Devil’s in the Details: Dave McKay is back, sharing his wisdom

Dave McKay guides Cooper Hummel during his time on base. (Arizona Diamondbacks/Submitted)

By Christina Fuoco-Karasinski

Arizona Diamondbacks’ first-base coach Dave McKay is known for his meticulous strategies and analyses.

His efforts are appreciated, and they were missed during the 2021 season after he fell, broke a rib and lacerated his spleen in a fall. The 72-year-old beloved McKay was surprised by the response to his injury.

“I don’t know why,” the subdued, polite McKay says about the buoyant reaction to his return. “I’m just out there doing what I love to do. It was nice to know that they (fans) remember who I was last year.”

Back in the swing of things, McKay remains passionate about the game that captured his attention as a teenager in Vancouver.

“I always loved the game,” he says. “I’ve always loved the game as a player, and I think I love it even more as a coach. I like helping players with the little things — the struggles and the ways I found to get through them.

“The exciting part is knowing I can help this guy with this. I can speed things up; just making the player better. It’s like any job. I’m a nitpicky guy, whether it’s a perfectionist or whatever. I keep them on a straight line doing all the things the right way so they will be better players.”

McKay does so with the utmost respect. When players arrive on first base, he shares his wisdom, often with his hand on the athlete’s side.

Catcher Carson Kelly can attest to that.

“Mac has been great,” Kelly says. “He notices the little details about baserunning in the game. I’m not the quickest guy out there, but I’ve found ways to be more efficient on the base path to get from base to base much quicker.

“Those little details can mean being safe at home or being out by one step. He’s very good looking at the small details to help us get an advantage.”

Kelly doesn’t diminish McKay’s position.

“Baserunning is one of those things that get overwritten a little bit,” he says. “Most people are worried about hitting and defense and things like that. But baserunning is extremely important. He takes it seriously, and we do as a team. I feel like it helps us get that little advantage when we’re going around the bases.”

McKay is modest about compliments. Looking back on the 52-110 2021 season, he says he just looked forward to cleaning it up this year — in person.

McKay fell against a metal railing in the dugout, breaking a rib and lacerating his spleen during the March 8, 2021, Spring Training game against the San Francisco Giants.

“The one thing I learned last year is you could text and get on the phone and talk to people,” he says with a sly grin.

“It’s not even close, though, to looking them in the eye and saying, ‘Are you hearing what I’m saying?’ Then, they get your point. I get to watch them all day, rather than just watching on television and getting shots of them here and there.”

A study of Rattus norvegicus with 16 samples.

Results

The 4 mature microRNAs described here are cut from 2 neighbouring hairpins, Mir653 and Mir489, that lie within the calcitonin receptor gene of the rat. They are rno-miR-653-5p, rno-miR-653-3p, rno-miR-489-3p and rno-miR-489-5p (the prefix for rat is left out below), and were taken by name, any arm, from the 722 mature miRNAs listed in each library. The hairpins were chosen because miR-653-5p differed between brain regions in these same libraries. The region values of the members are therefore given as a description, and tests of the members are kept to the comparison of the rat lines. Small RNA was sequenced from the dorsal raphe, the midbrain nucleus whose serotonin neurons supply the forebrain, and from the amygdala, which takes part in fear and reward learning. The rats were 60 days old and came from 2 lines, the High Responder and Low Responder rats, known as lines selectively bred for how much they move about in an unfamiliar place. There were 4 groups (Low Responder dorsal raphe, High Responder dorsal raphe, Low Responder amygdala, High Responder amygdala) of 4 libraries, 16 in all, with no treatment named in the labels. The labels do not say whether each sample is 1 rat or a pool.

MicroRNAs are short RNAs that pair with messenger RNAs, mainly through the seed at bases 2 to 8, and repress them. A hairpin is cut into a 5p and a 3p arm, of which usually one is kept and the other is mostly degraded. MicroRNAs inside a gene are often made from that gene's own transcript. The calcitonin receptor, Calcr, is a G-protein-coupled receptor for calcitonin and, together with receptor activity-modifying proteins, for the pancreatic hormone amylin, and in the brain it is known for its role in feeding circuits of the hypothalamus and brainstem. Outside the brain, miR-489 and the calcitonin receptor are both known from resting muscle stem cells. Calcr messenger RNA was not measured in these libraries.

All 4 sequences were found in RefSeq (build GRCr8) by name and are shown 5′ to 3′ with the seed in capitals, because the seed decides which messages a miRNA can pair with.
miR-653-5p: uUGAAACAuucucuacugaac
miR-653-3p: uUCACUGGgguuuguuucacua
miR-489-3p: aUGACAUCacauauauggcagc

He says he’s impressed with the success of new pitching coach Brent Strom, a longtime Tucson resident.

“I think the pitching coaches have the toughest job in the world,” he says. “And Torey (Lovullo, manager) is so solid. I have never, ever seen him panicking.

“He just shows a lot of trust in his players. The players comment all the time that they know he has their backs. I know he has our backs, too, as coaches. He’s a believer. He has a good way of communicating with players. He turns on that switch and you’ll see the other side. When he does get upset, everybody listens like deer in headlights.”

Late bloomer

McKay didn’t play high school baseball growing up in the Vancouver area. He focused more on soccer and basketball; baseball wasn’t a priority.

“When I graduated, I played in a tournament in Oregon, some college coach saw me and offered me a basketball and baseball scholarship,” he says.

“At Creighton University, all of a sudden, I started to enjoy playing the game that I was now learning how to play. It’s crazy to think that now I’m here, 52 years later, and I’m still wearing baseball uniforms. I’m not the smartest guy in the world, but I just love the game of baseball.”

He loves how he can help his players improve, thanks to Tony LaRussa, whom he calls a fellow nitpicker.

“There are so many veteran coaches he could have had, instead of this mid-30-year-old guy,” he recalls about his hiring by LaRussa.

“But he saw somebody who was willing to do the things he said and work at it. He helped me a lot. I spent 26 years with him, and I learned a ton from him.”

Third baseman Josh Rojas says McKay has helped him improve his game.

“He comes to us every day with tips and tricks on what the pitchers do that they don’t even know they do,” says Rojas, a West Valley native.

“I just, 5 minutes ago, had a meeting with him on the pitcher for tonight, what to look for, things we might see and what will give us an edge on getting extra bases.”

To McKay, keeping an eye on his runners as well as the defense is a game.

“Last night we tried to steal a base and tried to get a jump on it,” he says about a Miami Marlins game. “Don Mattingly was a little smarter than I was. We were thrown out. It’s like a chess game with the other manager. That’s all it takes.”